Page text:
Nontaxable combat pay is considered compensation

Members of the military serving in Iraq, Afghanistan, and other combat zone localities can now put money into an IRA, even if they received tax-free combat pay. Under the Heroes Earned Retirement Opportunities (HERO) Act,

military personnel can now count tax-free combat pay when determining whether they qualify to contribute to either a Roth or traditional IRA. Before this change, members of the military whose earnings came entirety from tax-free combat pay were generally barred from using IRAs to save for retirement.
 
For those under the age of 50, the IRA contribution limit was $5,000 for 2012 and is $5,500 for 2013 and 2014. For those age 50 and over, the limit was $6,000 for 2012 and is $6,500 for 2013 and 2014. 

Tax Tips Small Business

  • Determining Qualified Business Expenses

    Be sure to deduct every legitimate expense

    Amounts you spend in the course of conducting business are generally deductible from the gross income of that business. This includes any start-up expenses. You can claim amounts spent for items ordinary and necessary in your trade or business as a deduction against your income. Otherwise, the amounts are amortized, depreciated, or expensed depending on the nature of the purchases.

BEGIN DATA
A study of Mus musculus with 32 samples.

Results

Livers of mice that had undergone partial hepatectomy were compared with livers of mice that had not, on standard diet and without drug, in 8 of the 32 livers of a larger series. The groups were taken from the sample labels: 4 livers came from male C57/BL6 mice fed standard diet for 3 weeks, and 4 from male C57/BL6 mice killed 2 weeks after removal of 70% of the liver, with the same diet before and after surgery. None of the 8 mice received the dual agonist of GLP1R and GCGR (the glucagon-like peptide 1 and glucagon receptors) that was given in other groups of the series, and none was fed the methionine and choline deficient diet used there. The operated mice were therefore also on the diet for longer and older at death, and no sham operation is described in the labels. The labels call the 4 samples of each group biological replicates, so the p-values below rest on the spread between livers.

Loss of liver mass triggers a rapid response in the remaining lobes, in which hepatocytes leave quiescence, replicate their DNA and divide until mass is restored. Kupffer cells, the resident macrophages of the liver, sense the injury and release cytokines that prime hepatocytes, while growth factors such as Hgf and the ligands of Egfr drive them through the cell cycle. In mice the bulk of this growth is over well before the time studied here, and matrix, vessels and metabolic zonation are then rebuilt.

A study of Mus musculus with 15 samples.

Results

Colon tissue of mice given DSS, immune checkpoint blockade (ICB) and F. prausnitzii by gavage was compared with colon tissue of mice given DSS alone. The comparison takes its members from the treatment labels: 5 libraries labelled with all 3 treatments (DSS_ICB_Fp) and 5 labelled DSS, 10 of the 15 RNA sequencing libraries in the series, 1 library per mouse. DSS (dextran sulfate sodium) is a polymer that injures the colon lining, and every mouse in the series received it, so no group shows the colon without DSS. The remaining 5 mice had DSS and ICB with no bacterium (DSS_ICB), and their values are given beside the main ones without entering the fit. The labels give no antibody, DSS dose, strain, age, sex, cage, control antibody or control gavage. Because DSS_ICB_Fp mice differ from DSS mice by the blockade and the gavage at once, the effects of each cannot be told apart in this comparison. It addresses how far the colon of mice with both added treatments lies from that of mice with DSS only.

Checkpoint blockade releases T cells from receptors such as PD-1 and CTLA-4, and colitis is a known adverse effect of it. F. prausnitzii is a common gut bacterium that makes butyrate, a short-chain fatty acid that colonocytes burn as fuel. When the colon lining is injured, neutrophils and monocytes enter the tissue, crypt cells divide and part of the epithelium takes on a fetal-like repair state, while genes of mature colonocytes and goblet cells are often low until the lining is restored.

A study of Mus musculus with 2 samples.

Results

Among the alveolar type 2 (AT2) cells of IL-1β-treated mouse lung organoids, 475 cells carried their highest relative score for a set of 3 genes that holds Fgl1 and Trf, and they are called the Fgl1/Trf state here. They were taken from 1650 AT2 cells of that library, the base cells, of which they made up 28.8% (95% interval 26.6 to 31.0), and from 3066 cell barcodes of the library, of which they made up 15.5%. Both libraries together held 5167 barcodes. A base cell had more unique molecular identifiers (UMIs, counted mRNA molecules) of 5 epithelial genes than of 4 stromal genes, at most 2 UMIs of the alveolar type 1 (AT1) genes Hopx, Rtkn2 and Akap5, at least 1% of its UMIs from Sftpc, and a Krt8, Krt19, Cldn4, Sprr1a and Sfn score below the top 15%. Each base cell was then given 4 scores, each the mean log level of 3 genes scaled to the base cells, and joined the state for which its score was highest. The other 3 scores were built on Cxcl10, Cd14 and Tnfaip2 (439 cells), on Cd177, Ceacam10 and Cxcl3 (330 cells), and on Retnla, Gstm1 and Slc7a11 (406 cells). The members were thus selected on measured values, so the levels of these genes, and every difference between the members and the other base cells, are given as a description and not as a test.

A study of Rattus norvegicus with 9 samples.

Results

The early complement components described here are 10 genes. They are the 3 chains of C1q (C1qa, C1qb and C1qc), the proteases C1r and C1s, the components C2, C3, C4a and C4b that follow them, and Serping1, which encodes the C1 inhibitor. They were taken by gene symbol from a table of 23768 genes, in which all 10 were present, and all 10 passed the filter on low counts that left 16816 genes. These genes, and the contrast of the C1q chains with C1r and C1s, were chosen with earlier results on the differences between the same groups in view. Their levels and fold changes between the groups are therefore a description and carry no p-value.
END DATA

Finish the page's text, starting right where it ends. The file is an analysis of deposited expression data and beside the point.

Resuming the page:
• Personal Assets to a Business

    If you have contributed personal assets, such as a computer or vehicle to your business, the lower of the fair market value or your cost basis of these assets qualifies as a business deduction, subject to depreciation limitations, beginning with the date of conversion.
Friday, 22nd February 2019

  • Cleaning Out Your Closets?

    Items you donate may not qualify for a deduction

    It used to be that you could take all your unused clothing and household items to the local Goodwill, Salvation Army, or thrift store and reap a nice charitable contribution deduction.


  • Adjusting Withholding

    If your tax refund was too high or too low, adjust your withholding so it doesn't happen again next year. You can file a revised W-4 with your employer at any time to increase or decrease the number of exemptions you claim. The more exemptions you claim, the less tax your employer withholds from your wages, resulting in a smaller refund. Decreasing the number of exemptions results in more withholding and a larger refund.